Myron Rolle had big dreams growing up in Galloway Township, New Jersey. He wanted to play in the NFL, go to medical school, be a neurosurgeon, and then set up a foundation that brings medical care to the poor.
If it all seemed like a tall order, Myron, who turns 31 this October, has shown dreams do come true.
In 2010 he was drafted by the Tennessee Titans and played college football at Florida State. There, he attended the Florida State University College of Medicine and was awarded a Rhodes scholarship that year to earn a master’s degree in medical anthropology.
Rhodes Scholarships are the most celebrated fellowship awards in the world. Each year 32 students from the United States are selected as Rhodes Scholars, representing the 50 states, the District of Columbia, and the U.S. territories. Rhodes Scholars are chosen not only for their outstanding scholarly achievements, but for their character, commitment to others and to the common good, and for their potential for leadership in whatever domains their careers may lead.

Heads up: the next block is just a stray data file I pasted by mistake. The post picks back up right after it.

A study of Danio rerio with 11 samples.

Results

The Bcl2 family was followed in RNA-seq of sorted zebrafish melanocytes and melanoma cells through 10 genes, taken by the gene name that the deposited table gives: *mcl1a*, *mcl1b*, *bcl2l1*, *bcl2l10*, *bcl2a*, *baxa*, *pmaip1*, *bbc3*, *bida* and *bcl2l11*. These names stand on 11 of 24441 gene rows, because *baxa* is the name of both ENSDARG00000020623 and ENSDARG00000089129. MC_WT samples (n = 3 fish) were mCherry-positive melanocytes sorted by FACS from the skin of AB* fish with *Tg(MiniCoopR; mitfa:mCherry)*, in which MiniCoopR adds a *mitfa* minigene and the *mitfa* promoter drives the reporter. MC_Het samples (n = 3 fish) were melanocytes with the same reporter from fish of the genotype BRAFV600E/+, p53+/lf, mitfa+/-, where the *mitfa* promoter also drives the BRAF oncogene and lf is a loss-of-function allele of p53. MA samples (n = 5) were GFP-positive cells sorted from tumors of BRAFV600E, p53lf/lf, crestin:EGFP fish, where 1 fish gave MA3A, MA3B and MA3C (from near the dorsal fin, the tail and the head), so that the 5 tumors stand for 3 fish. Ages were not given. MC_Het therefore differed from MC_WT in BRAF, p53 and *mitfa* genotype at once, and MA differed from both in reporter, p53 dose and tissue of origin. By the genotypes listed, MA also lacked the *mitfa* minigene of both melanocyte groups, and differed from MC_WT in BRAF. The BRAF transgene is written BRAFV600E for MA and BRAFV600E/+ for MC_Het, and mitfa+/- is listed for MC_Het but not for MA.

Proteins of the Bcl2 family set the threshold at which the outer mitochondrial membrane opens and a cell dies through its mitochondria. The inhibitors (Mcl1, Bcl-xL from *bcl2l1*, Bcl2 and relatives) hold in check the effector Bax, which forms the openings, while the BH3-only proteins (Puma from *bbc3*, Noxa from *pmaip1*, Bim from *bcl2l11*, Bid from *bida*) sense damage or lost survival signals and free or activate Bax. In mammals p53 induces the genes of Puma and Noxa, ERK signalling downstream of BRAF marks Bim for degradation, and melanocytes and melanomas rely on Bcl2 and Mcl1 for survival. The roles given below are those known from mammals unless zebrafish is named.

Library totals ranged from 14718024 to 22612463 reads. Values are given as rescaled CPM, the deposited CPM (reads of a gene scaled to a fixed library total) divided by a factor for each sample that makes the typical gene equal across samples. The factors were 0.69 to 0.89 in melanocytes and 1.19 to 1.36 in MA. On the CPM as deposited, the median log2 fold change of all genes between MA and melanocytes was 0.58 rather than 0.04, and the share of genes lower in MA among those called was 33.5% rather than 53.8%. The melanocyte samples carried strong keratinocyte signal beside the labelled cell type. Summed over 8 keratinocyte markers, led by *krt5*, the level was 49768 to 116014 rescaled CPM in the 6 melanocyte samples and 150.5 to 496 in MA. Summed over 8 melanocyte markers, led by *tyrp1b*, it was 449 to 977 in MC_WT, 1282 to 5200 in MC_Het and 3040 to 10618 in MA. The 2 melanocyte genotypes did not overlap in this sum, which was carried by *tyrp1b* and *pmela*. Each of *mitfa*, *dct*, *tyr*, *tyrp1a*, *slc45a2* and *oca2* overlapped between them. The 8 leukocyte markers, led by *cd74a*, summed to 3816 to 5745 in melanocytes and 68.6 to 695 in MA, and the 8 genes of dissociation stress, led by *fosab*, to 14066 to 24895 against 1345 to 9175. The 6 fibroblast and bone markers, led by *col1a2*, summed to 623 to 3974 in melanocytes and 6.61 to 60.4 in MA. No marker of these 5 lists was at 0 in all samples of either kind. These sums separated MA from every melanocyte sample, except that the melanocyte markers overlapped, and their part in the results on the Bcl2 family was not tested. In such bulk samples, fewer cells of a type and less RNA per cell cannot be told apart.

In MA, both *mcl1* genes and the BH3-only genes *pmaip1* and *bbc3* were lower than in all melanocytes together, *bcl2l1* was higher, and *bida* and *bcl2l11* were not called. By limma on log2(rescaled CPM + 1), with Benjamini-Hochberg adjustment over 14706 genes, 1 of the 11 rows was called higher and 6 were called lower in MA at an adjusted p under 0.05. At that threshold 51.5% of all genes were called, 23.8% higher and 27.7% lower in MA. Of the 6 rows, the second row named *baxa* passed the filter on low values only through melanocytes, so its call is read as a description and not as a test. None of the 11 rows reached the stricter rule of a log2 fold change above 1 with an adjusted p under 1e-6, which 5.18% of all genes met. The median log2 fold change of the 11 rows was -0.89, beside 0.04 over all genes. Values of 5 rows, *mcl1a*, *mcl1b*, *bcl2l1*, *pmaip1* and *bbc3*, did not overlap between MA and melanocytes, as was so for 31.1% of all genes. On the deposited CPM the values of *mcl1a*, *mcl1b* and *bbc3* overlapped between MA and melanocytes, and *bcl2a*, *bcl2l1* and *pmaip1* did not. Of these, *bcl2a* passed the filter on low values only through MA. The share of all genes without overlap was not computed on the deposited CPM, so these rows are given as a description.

On Match Day, which fell on March 17 this year, when medical school students and graduates learn the location and specialty of the U.S. residency programs where they will train for the next three to seven years, Myron chalked up another life-changing event.
Come July 1st, the young physician will start his neurosurgery residency program at Harvard University.
“Seven years of neurosurgery is a big deal, something I wanted for a long time, really excited about it. Today is just great, it’s remarkable,” Rolle told WCTV in Tallahassee. “Saving lives and helping people live a better life, that’s going to make life worth living.”